Wednesday, September 10, 2014

MS Chantilly-Paris Layout

Unless the center is being pushed aggressively this layout will play like two separate fields with the majority of the action being vertical confrontations up and down the wires. There are a few crossfield shots but the likelihood is one wire or the other will be blown when teams reach the fifties and beyond. Strong center play will mitigate that to one degree or another if it creates early mismatches. Despite initial appearances it should be easier to dominate the snake wire. The layout is capable of both 20 second points and 2 or 3 minute points. The more evenly matched teams are skill-wise the more tactical superiority will determine outcomes. Passive, defense-oriented teams will struggle mightily unless their technical skills are superior to their opponents.
Let's take a quick look at some of the reasons why. Most teams will meet with limited success laning OTB so both wires are makeable. A few useable lanes exist but expose the shooter to counter-lanes. The quicker teams shouldn't have too much difficulty making a wire the majority of the time.
Even when teams make a wire OTB the dominate feature of this layout is the gatekeeper aspect of the four insert Temples. Each one serves as the primary access point to a wire and the primary means of denying access to the wire. (The pink arrows indicate the direct confrontation created at these gaps feeding the wires.) Much of the early action and focus will revolve around these Temples and much of that action will be direct gunfighting. The only other primary option to control the wires comes from the (orange) CKs. Their placement (and size) limit both their effectiveness and defensibility--they will be hard to live in once opponents are on the wire(s). The result is contain or control from the interior of the field is at a heavy disadvantage further pressing the Temples into direct confrontations or else give up access to the wires.
Once on the wires most of the available shots are on the same wire (or that half of the layout) until the fifty--or beyond--is reached making the standard of play battle to reach a wire, battle that wire to get upfield, eliminate your wire to get positional opportunities to finish off your remaining opponents.
Breaking up the wire-centric focus are the upfield options in the center of the layout. While the M is playable I've focused on the props marked in green to represent center play objectives. The goal is to disrupt your opponent's breakout and rapidly attack one or more of their primary positions or early transitions in order to gain a quick body count advantage. Thereafter the center of the field can be used to deny counter-movements and pin the remaining opponents in place. The MT is better suited to the task as it is more defensible and has better lines-of-sight than the Can.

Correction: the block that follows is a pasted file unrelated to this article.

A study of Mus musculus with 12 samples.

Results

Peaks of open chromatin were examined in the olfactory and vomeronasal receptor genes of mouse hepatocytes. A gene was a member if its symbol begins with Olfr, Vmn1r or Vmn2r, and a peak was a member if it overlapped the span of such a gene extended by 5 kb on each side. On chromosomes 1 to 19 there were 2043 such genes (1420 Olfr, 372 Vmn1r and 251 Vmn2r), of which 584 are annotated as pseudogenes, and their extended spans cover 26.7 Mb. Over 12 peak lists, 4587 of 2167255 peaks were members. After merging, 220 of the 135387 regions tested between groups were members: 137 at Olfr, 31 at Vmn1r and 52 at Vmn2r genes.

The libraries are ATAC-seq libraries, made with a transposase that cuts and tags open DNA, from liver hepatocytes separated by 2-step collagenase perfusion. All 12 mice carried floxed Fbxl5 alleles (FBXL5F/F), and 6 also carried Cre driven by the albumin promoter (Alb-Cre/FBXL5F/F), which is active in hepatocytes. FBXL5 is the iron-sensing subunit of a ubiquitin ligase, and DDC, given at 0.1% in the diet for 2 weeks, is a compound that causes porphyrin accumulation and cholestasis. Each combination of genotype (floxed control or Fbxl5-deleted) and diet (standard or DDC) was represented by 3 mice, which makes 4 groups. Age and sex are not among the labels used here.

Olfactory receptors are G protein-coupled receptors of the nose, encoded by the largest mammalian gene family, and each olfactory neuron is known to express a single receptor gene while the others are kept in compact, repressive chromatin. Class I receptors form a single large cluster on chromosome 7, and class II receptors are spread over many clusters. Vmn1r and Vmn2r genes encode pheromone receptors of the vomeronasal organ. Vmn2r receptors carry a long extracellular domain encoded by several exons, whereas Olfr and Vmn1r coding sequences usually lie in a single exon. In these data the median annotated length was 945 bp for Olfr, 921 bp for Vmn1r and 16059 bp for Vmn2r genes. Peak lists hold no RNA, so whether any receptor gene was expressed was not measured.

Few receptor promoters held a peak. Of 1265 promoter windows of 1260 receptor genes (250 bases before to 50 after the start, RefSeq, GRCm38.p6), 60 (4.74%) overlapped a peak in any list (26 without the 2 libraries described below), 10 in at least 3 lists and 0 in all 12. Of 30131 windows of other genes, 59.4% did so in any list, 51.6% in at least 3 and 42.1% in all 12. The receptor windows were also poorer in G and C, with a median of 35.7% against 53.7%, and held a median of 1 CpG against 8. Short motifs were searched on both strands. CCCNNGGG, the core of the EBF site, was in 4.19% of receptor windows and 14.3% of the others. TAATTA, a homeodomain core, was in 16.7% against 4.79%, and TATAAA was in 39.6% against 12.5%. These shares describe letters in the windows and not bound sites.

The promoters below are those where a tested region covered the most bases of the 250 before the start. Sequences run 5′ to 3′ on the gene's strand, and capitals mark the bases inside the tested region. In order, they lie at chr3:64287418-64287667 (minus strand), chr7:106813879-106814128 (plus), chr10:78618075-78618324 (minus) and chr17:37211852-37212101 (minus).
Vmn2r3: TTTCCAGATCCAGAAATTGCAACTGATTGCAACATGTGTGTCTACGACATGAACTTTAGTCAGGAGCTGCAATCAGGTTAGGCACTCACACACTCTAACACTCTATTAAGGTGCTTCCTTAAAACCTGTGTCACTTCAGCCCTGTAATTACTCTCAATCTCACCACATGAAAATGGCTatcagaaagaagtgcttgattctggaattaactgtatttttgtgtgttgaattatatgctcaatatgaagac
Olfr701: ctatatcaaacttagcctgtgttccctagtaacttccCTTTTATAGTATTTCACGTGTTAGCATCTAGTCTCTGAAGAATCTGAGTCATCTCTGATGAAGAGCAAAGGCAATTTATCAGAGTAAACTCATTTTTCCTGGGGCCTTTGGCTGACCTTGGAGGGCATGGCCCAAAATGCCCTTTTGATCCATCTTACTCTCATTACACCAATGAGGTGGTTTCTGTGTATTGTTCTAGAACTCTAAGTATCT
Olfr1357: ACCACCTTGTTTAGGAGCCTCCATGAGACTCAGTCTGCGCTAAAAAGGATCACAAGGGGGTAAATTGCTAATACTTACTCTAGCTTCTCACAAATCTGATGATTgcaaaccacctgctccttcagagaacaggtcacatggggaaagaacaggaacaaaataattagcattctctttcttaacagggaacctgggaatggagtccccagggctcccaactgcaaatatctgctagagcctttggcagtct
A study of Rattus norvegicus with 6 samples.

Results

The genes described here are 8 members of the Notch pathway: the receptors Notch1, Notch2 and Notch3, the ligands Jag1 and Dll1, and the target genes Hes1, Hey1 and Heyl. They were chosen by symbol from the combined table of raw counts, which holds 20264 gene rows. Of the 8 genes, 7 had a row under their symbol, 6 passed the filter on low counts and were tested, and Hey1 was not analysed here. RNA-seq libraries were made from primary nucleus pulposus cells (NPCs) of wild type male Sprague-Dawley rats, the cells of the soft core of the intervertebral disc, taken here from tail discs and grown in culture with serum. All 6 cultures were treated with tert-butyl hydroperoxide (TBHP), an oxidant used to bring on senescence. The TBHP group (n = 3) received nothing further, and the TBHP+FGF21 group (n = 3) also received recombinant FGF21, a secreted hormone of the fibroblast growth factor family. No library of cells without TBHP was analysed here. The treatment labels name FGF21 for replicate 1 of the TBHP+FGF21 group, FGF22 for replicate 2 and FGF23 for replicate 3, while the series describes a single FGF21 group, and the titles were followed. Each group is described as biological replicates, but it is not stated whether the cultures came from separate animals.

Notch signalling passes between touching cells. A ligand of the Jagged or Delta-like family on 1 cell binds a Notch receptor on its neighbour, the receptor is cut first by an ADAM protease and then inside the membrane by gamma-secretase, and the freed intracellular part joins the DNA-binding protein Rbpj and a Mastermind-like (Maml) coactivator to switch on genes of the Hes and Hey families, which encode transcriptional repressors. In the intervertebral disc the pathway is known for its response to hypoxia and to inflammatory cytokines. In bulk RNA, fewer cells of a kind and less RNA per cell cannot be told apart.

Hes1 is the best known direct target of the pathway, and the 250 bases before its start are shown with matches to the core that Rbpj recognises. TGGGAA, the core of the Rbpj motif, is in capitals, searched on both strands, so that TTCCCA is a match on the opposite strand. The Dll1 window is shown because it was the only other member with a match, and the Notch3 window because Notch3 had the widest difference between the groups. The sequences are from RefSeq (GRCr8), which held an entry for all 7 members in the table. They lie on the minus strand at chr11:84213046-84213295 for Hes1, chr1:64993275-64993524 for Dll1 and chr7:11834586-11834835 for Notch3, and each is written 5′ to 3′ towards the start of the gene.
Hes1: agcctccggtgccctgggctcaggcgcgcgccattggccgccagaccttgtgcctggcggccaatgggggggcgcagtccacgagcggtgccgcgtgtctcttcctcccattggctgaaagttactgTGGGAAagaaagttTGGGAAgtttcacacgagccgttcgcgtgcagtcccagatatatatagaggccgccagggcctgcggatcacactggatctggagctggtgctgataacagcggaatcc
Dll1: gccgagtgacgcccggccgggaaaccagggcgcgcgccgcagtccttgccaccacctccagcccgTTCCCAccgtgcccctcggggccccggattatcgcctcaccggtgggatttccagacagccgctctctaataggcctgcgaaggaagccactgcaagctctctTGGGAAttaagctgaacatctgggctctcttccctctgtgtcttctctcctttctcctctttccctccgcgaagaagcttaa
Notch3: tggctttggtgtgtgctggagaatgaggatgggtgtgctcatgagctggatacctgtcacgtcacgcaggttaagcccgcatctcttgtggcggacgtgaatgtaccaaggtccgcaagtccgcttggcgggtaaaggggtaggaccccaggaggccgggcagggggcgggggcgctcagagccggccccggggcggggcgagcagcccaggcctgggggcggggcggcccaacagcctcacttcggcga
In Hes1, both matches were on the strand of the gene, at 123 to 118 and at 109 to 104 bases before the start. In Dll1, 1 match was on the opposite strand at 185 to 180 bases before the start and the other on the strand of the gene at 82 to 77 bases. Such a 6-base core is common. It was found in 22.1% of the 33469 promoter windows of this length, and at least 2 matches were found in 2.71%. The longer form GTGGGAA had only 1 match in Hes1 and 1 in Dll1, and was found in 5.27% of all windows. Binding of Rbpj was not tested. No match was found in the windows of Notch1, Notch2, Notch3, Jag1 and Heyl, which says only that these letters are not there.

Players on the wires have limited ability to contain or control other wire props. For example Snake 1 cannot stop his mirror from bumping to Snake 2 so for players on the wires the game becomes a race to the 50 and against opponents on their same wire. (The d-corners can contest wire movement, unlike the snake corners.)
Finally the snake wire is more easily dominated because it is more difficult to contain and/or control movement on that wire. Center (green) positions have some options as do the (orange) cakes but all are limited. And the corner TCKs are not in position to deny movement up the wire but are able to aggressively attack the insert (gatekeeper) Temple making gap contain very difficult. While the snake appears more open and exposed it should be easier to push bodies up that wire.
This is the kind of layout that could easily engender upsets.

From 1 - 10 on some varying factors. 
Plays Fast. (promotes quick points) Fun to Play. (players enjoy it) Easy to Ref. (clear and open lines-of-sight) Balanced. (allows teams to play their way) Spectator Friendly. (solid action and exciting play for the knowledgeable fan)

Plays Fast: 7 (Win the gunfights, win the war. Still kind of a crapshoot.)
Fun to Play: 6 (If you've always wanted to be a front here's your chance)
Easy to Ref: 5 (Center of the field action could be tough to control)
Balanced: 3 (Defense? We don't need no stinkin' defense)
Spectator Friendly: 6 (Boring timid teams make for boring timid paintball)


Pete said...

Could you elaborate on saying it is both very bad for defense and saying it could be boring because timid teams will be timid? I may be misunderstanding something but if defense is nigh impossible won't timid teams get run down?

Baca Loco said...

Depends on the opponent. In match-ups where both teams prefer a defensive set-up neither will work too hard to break the impasse and the result is boring paintball. Any time only one team is defensive-minded unless their gun skills are much better than their opponent they will be in serious trouble on this layout.
The larger point was no layout can compel players or teams to play a certain way. It can only reward or punish some choices.

Anonymous said...

These analysis posts are some of my favourites. Thanks for doing these. Cheers.

Pete said...

Thank you for clarifying.

Anonymous said...

Played it. Very much right about two separate fields. It will go very fast. Corners can be made very hard to live in. Snake can be fast and furious with some sweet Highway moves and gun battles as well. Bunkers are just perfectly positioned to potentially make the webcast suck difficult.